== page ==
Friday, January 15, 2010

New Images of New, Old, and Unfinished Work

I had Rick photograph new work last week before installing the sea shell. In addition to having a good camera and the right lights, his ability to get the colors right with photoshop are much better than I can do even with the right equipment so I think it is well worth the investment to get a decent portfolio together.
Epitonium apexaurum (Hitzig, 2010)
curly yellow birch, walnut, shellac, gold
82" x 48" x 1"

I had finished the piece below in September/October (I spent several weeks trying to get the shellac to crackle by taking it in and out of a meat freezer before giving up and calling it done) but, luckily, it hasn't sold yet, in spite of the unusual and spectacular figure, so I've been able to get a good image taken. I decided on the shape because the end of the board was cut at that angle at the lumber mill or forest and I thought it would look good at the other end as well.

Frozen Flame
shellac on blistered maple
30" x 19" x 1"
The title is partly a reference to the blue surrounding the flames and partly a reference to putting it in a freezer.

I finally finished my first flag. I wasn't happy with the coloring in the star section when I first had it imaged. This is what I was trying to do originally.
Untitled First Flag
shellac on curly maple, cherry, and bird's-eye maple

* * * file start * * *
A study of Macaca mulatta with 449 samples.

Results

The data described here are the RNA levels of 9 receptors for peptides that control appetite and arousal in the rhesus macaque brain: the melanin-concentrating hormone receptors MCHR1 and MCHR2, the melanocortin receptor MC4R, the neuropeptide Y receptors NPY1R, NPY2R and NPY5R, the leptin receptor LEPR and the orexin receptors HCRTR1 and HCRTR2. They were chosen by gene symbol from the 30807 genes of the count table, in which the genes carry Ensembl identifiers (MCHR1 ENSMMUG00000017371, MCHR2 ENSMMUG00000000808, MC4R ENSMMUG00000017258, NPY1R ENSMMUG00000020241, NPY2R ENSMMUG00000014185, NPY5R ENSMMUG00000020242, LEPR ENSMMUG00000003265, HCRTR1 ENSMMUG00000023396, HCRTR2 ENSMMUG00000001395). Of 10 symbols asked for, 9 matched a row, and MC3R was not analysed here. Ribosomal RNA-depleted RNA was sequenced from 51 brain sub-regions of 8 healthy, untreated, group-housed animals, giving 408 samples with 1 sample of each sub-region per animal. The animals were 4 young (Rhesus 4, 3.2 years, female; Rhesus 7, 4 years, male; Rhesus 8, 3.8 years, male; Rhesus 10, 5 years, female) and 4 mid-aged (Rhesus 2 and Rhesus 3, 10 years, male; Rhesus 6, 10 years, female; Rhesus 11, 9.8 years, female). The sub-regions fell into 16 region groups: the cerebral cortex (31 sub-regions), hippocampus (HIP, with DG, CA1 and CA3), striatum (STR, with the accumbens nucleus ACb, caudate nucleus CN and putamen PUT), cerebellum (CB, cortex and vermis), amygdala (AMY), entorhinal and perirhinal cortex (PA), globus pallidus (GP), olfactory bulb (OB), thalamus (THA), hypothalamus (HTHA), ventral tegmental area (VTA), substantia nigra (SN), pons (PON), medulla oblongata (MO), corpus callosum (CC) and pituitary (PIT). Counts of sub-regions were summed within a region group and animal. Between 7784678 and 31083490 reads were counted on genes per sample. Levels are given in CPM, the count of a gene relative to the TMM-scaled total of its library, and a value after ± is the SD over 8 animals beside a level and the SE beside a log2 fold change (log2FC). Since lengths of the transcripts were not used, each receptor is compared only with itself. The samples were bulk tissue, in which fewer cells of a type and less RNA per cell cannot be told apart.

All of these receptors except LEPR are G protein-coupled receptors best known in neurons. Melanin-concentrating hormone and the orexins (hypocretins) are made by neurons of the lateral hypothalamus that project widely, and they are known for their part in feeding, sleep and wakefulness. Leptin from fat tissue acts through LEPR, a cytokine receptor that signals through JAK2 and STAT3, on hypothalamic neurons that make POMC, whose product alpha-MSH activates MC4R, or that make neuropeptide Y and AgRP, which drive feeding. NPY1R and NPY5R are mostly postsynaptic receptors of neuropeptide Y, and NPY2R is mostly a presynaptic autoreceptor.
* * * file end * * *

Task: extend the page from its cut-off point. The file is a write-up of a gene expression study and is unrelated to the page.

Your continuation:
24" x 41" x 1"
The second flag isn't going so well and I think I'll need to completely redo the blue section. I've tried about 5 or 6 different combinations of blue, deep blue, purple, green so far and none of them work. I think I might try something more geometric next. At this pace I should have enough of these for a show in about 15 years.
Almost Square Flag Draft
shellac on curly maple, cherry, bird's-eye maple
26 1/2" x 26 3/8" x 1"

Alternate orientation

I also had an image taken of an older piece that I didn't have a good picture of, again, luckily, it remained unsold.
Miocenean Memory
curly maple, moose antler, epoxy, shellac
52" x 14" x 4"
I thought the piece looked something like a bear, maybe a proto-bear from long ago, long since forgotten, hence the title (I think bears first started to appear in the Miocene). The figure in the wood really makes it look like it is covered with fur.

I haven't yet finished the piece below because I've been struggling with the overlay rectangle. Since I was having other pictures taken, I had it imaged also, hoping that having a good picture would help to see it better.

shellac on curly maple, cherry, and walnut

49" x 26" x 1"
I consider vertical striped section to be done but have been unable to find a color combination for the overlay stripes that work with the rest of it. So far I have been through the following combinations:
all clear
shades of blue (which looked great but didn't work with the rest of it)
various shades of black added to the above

Right now, I'm liking this combination the best but think that it might be better to replace it with a solid black piece (with grain still going in the perpendicular direction). It is painful how the little things can take the longest time. It is also painful learning how to paint. You'd think it would be easy but it really isn't. Sculpture is much easier, painting sculpture is relatively easy, but figuring out color combinations and making colors work on their own, that is hard stuff.